Monday, February 18, 2008

"Natural" Childbirth as a Necessity

I can only hope that epidurals, anesthesia and painkillers will be readily available to those who need them in the uncertain future. They have proved to be both a blessing and a curse to us in the last 40 years. But our current healthcare system is under strain even now, with the most available oil and energy - EVER - available to us. This surplus of energy has allowed us to pretend that we can all have our healthcare cake and eat it too. It has allowed us to ignore the hard choices that inevitably result whenever demand exceeds supply.

One group of people who might have to do without medication is women having a normal, healthy labor. Currently, a miniscule percentage of women in America deliver their children without medication.

What kind of energy is required to support the electronic nest that most women deliver their children into? Hospitals, fetal monitors, IV drips, anesthesia and C-sections all require energy to create and operate. On the other hand, childbirth itself requires very little besides loving support, an experienced caregiver and clean hands.

Contrary to popular superstition, natural childbirth is not just for natives or anti-drug hysterics. How do I know? I happen to be one of those few women in contemporary America who have delivered without medication. I'll share my story here not because I think that an unmedicated birth is always superior - I don't - but because if you plan to have children in 5 - 10 years you may want to think about preparing for natural childbirth. I am not superwoman, I don't have a high pain tolerance, and I am not an athlete. Fortunately, none of those things were required. What was required was planning, preparation and a supportive group of people - my husband, a doula, and my hospital-based midwife.

Proper planning included selecting a supportive caregiver. Obstetricians are surgeons by training and many of them prefer to deliver in the medical model - that means Pitocin, epidural, IV drip, fetal monitor, episiotomy and increasingly, a C-section. (I had none of these). So, if you plan to deliver naturally, you NEED someone who has experience delivering naturally. That means not choosing someone who will show up 5 minutes before the baby pops out. That means not selecting someone who insists on all the medical / liability / convenience procedures glossed over as safety measures.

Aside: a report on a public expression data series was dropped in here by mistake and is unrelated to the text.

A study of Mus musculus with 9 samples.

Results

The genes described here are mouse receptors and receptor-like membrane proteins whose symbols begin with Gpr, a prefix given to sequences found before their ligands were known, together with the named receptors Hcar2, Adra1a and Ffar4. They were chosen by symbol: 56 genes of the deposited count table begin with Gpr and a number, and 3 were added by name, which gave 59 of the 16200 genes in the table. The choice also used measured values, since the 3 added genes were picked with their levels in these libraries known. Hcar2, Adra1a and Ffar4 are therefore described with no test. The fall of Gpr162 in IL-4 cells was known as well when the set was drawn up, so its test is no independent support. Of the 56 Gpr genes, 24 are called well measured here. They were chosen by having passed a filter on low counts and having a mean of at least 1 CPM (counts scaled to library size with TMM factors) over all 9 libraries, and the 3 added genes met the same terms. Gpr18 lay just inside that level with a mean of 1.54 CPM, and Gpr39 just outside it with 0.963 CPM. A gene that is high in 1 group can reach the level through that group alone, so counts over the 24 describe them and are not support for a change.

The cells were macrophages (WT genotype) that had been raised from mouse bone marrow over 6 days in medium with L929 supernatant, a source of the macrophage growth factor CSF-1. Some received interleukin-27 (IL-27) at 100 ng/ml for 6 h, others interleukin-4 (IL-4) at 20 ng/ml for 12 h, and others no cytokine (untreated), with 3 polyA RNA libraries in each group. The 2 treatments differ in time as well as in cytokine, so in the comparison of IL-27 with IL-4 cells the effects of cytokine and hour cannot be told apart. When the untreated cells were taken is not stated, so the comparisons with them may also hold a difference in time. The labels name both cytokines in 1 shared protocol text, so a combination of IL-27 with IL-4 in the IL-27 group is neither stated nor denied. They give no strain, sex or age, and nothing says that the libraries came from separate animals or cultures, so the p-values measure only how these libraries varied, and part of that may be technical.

Essentially my preparation can be summed up in three practices:

  1. Exercise (mostly walking 5 days a week)

  2. Stretching and yoga (including squatting and hands-and-knees practice)

  3. Relaxing - and I mean practicing EVERY day for the last 3 months

The key to pain relief during labor is NOT laying on your back. (I have heard waterbirthing is great as well. Doulas help, too.) And the key to not getting too tired is relaxation. If you scrunch your face, fists and all your muscles every time you have a contraction, you will get worn out pretty quick. If you don't, you will be more likely to have energy to get through the pushing phase.

I had a fairly normal, 12-hour labor and delivered without any medication. It was tough, and sometimes (heck, most of the last 3 hours) I wished I had some painkillers. I was exhausted by the end. But I did it. And I believe most women, if they wanted or needed to, were in fairly good shape and practiced relaxation, and had real, experienced support, could too.